Distance

Tulsa Public Schools Superintendent Deborah Gist addresses a crowd during a meeting about the proposed changes to the Indian Education Program at Wilson Teaching and Learning Academy on Thursday, Jan. 30, 2020. IAN MAULE/Tulsa World

With less than a week before an election for two seats, the Tulsa Public School board approved a two-year extension to the contract for Superintendent Deborah Gist.

Renewing the contract was the right decision but the timing was flawed.

Two board members — Jennettie Marshall and Stacey Woolley — voted against the extension citing the need for a postponement until after Tuesday’s election. Protesters outside the meeting last week also sought a delay.

Gist’s contract, with a base salary of $241,000, was set to expire in June 2021. The TPS board set an agenda to consider the extension before July 1.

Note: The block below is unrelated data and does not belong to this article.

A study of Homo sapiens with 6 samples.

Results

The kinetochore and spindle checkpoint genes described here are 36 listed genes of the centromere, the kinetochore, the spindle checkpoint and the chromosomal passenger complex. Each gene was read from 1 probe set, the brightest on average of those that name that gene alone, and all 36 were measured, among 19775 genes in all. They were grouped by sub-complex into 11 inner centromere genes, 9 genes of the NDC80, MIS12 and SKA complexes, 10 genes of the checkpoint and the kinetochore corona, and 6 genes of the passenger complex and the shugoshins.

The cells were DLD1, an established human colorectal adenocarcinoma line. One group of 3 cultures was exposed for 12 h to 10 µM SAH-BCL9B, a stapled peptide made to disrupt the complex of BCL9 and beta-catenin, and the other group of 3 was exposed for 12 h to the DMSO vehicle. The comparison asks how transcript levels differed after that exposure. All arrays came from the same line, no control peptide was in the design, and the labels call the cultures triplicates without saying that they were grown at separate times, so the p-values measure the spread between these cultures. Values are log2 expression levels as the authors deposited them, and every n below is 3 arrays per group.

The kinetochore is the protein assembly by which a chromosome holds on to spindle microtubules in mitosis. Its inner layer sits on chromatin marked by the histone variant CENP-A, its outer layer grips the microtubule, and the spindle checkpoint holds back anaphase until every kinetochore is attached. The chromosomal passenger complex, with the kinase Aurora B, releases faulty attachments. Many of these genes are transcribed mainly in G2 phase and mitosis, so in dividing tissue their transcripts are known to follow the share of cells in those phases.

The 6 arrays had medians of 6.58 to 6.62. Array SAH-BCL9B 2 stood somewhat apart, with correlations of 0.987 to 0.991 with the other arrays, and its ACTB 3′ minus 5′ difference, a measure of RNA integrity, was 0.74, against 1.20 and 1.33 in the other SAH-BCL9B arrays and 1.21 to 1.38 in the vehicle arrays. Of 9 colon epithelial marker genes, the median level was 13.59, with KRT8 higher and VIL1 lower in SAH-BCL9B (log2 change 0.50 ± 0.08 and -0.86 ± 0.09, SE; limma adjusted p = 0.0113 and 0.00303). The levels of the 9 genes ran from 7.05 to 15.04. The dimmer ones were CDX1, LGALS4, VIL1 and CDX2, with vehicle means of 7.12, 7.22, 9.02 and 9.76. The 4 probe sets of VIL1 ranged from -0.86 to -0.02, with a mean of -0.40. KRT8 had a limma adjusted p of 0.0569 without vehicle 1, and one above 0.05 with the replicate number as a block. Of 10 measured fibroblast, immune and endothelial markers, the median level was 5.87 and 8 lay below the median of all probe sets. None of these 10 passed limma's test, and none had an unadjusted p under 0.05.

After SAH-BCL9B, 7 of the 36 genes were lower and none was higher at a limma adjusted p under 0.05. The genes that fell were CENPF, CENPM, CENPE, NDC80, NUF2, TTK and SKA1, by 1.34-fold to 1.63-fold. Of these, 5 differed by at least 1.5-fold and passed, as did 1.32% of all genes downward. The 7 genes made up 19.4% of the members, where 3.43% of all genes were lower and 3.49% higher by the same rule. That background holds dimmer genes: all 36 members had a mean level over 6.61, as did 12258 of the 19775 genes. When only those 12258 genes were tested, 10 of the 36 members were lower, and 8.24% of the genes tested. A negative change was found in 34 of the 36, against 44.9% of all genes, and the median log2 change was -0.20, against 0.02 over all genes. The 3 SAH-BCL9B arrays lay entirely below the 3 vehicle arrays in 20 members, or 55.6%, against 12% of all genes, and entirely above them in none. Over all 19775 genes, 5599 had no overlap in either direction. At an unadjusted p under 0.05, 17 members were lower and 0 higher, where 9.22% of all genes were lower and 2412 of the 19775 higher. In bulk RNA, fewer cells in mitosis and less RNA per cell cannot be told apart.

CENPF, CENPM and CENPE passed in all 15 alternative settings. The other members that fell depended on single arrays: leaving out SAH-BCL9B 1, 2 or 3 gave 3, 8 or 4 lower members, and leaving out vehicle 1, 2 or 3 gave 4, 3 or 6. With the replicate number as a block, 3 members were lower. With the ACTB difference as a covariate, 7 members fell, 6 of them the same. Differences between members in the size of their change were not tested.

Then, a pandemic closed schools and moved the April board election by two months. Everyone has learned to be flexible during this national emergency, including altered timetables.

The previous contract extension for Gist was approved in October 2017, showing a precedent for a fall discussion. Now Gist is left to deal with a board that includes two members who didn’t get a chance to participate in her evaluation.

We don’t find fault in the board retaining Gist, though we encourage the board to be more transparent about results of evaluations. Having insight into the board’s view of her job performance would go far in understanding contract and bonus decisions.

While we have had disagreements with Gist, those don’t rise to the level of replacing her. We prefer to see improvement and consistency.

This obviously would be a bad moment to consider a leadership change or launch a superintendent search.

However, the vote should have been until after the election brought a new board into office.

Moving forward with the contract vote opens the door to conspiracy theories and public distrust.

No harm would have been done if the vote had been held four weeks later, giving newly elected board members a say in district leadership.